Consumer Confidence a Mite Stronger

The Conference Board Consumer Confidence Index increased in April to 57.9, compared with 52.3 in March. The index is now at its highest in about a year and a half--since the edge of the economic abyss in fall 2008, in fact.

April 28, 2010
By Dees Stribling, Contributing Editor

Courtesy Flickr Creative Commons user dan4th

The Conference Board Consumer Confidence Index increased in April to 57.9, compared with 52.3 in March. The index is now at its highest in about a year and a half–since the edge of the economic abyss in fall 2008, in fact.

The 5,000 households surveyed for the report were even more optimistic about employment. The percentage of consumers anticipating more jobs in the months ahead increased to 18 percent from 14.1 percent, while those anticipating fewer jobs declined to 20 percent from 21.4 percent.

Separately, for the first time since December 2006, both composite S&P/Case-Shiller Home Price Indices saw a year-over-year increase, though they also dropped a little between January and February of this year. The 10-City Composite is up 1.4 percent from where it was in February 2009, while the 20-City Composite is up 0.6 percent compared with the same time last year. Eleven of 20 cities saw year over-year declines, however.

European University Names Top 10 U.S. Green REITs

According to a recent study by Maastricht University (Universiteit Maastricht) in the Netherlands, the best-performing public real estate company in the United States in terms of sustainability initiatives–expressed as the university’s Environmental Real Estate Index–is Vornado Realty Trust. “This company actively incorporates environmental practices in its management, for example by striving to certify the existing portfolio under the U.S. Green Buildings Council’s LEED for Existing Buildings system,” the report noted. “The total score of Vornado is 55, which is mainly due to its excellent environmental Management & Policy score.”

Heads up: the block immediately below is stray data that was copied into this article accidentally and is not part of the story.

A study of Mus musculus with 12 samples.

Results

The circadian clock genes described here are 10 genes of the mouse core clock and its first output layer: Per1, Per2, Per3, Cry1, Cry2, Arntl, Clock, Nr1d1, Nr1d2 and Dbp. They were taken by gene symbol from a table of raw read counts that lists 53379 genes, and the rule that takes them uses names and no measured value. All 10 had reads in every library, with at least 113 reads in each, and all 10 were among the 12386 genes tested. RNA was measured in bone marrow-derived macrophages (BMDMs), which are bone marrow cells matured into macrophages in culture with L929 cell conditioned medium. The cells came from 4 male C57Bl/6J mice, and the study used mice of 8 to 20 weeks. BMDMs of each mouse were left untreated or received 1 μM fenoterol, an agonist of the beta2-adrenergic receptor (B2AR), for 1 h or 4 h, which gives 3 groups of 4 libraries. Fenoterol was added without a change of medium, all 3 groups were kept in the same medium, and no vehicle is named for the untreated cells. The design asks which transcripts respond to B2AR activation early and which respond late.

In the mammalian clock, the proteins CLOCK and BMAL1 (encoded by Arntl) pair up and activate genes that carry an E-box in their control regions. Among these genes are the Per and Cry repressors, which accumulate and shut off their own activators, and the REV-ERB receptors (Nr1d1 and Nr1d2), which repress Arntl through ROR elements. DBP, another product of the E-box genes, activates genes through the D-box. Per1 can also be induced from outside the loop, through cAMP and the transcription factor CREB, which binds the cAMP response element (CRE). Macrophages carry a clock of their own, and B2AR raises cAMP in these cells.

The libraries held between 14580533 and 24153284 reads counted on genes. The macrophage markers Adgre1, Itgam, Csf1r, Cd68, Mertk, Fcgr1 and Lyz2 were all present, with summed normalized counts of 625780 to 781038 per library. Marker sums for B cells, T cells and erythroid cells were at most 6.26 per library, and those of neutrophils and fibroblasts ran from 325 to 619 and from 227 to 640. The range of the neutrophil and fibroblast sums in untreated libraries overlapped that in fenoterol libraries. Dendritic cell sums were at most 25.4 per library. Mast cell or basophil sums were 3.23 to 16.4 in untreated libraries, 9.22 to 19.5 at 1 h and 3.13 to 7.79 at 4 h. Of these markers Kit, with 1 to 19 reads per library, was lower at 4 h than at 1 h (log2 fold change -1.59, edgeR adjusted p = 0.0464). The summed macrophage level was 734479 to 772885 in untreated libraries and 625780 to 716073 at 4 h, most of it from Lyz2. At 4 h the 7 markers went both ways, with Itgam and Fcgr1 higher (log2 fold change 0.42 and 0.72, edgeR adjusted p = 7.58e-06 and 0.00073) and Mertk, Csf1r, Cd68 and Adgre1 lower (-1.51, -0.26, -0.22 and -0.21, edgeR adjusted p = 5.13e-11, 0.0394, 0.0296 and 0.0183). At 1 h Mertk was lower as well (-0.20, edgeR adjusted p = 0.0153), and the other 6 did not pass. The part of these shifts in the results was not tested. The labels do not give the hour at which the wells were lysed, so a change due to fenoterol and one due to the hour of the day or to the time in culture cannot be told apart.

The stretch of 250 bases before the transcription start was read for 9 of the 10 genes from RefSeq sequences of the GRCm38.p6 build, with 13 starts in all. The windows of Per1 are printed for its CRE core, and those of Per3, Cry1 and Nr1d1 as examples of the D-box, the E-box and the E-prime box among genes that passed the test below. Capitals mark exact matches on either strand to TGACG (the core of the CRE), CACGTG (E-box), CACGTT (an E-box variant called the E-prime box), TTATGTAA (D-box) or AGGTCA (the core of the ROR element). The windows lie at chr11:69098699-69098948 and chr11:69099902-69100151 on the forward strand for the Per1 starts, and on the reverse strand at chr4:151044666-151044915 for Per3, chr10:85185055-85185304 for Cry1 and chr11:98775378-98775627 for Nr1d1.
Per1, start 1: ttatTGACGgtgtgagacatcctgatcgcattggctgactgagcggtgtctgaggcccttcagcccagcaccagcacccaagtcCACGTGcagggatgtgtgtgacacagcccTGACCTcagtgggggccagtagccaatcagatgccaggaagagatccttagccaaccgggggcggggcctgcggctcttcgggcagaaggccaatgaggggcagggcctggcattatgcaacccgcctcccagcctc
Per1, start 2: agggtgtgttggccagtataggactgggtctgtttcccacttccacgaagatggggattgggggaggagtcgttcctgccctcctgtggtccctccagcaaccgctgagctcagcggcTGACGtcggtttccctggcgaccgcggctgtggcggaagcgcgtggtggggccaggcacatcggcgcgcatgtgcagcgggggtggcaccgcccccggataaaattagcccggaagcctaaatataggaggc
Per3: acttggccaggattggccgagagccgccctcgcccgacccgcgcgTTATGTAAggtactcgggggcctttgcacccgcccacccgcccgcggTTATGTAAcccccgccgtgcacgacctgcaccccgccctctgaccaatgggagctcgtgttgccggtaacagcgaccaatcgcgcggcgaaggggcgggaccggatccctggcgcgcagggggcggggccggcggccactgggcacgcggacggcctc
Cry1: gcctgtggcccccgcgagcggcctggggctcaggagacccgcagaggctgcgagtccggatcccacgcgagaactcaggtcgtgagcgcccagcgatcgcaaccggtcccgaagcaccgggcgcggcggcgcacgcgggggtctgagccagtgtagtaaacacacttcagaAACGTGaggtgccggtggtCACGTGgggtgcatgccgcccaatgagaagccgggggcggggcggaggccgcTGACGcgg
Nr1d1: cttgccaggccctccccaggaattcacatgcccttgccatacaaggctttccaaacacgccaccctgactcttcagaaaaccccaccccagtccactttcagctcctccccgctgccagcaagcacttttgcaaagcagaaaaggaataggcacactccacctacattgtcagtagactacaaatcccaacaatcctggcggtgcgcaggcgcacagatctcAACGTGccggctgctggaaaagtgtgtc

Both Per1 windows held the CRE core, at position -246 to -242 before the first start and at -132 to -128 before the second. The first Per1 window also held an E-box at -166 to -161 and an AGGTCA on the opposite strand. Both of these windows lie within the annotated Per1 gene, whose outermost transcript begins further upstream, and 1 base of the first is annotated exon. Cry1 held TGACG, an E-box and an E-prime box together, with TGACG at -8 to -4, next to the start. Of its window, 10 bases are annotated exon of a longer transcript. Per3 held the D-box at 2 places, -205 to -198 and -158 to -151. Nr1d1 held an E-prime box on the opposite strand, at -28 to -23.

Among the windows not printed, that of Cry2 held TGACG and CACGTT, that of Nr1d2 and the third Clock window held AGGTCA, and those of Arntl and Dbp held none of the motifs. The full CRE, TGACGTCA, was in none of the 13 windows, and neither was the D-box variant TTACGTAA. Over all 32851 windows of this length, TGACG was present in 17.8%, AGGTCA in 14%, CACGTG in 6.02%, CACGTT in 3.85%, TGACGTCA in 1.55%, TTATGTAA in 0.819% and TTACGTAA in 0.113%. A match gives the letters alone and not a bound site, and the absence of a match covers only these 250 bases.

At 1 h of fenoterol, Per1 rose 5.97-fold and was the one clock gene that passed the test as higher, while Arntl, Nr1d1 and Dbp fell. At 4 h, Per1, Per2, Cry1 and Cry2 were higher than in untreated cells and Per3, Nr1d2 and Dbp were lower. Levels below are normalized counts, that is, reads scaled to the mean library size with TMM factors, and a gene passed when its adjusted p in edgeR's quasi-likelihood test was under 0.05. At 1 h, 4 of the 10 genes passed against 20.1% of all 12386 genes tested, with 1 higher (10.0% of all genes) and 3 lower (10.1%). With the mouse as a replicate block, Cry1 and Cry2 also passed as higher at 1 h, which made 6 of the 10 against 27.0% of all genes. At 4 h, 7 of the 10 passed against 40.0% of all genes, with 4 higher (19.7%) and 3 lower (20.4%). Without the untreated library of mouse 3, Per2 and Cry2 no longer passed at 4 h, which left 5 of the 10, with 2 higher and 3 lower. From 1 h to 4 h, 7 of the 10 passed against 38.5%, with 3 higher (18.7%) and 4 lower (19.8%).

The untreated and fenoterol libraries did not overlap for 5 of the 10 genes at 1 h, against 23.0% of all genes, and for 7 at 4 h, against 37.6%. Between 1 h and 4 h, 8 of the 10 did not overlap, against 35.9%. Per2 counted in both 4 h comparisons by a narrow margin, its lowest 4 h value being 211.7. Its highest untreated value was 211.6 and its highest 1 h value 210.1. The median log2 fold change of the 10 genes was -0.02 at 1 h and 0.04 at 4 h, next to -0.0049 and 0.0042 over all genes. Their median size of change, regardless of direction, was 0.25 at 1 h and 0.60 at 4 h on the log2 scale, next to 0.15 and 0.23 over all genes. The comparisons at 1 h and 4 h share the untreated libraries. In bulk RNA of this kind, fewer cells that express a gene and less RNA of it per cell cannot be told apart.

The next nine U.S. public companies on list are (in descending order) Liberty Property Trust, Douglas Emmett, Simon Property Group, Washington Real Estate Investment Trust, AMB Property Corp., Macerich, ProLogis, Digital Realty Trust and Kilroy Realty Corp.

But that’s only U.S. companies. The study, formally called “Environmental Performance: A Global Perspective on Commercial Real Estate, also said that “relative to the top 10 in other geographic areas, the best environmental performers in the U.S. still underperform. If we were to create a global ranking of individual property companies based on environmental performance, then Vornado would be number 21 on the list.”

Worldwide, the real hotshots of publicly traded real estate environmentalists are the Australians. According to Maastricht University, the top five in Oz outperform both their European and American peers “to a great extent.”

Mortgage Fraud Hasn’t Disappeared

The Mortgage Asset Research Institute, a LexisNexis service, reported on Tuesday that reported incidents of mortgage fraud and misrepresentation by professionals in the mortgage industry in the U.S. continue to climb, increasing by 7 percent from 2008 to 2009. Though an increase year-over-year, that’s actually a much slower rate of increasing mortgage fraud than the jump from 2007 to 2008, which was 28 percent.

The number-one state for mortgage fraud, said the report, was Florida. New York and California followed as number two and three respectively in that dubious distinction.

Wall Street took a nice long slide on Tuesday in the wake of Standard & Poor’s announcement that investors should beware Greeks (and for some reason, Portuguese) bearing bonds. In fact, the Dow Jones Industrial Average dipped below 11,000 on its downward course, ending down 213.04 points, or 1.9 percent. The S&P 500 lost 2.34 percent and the Nasdaq declined 2.04 percent.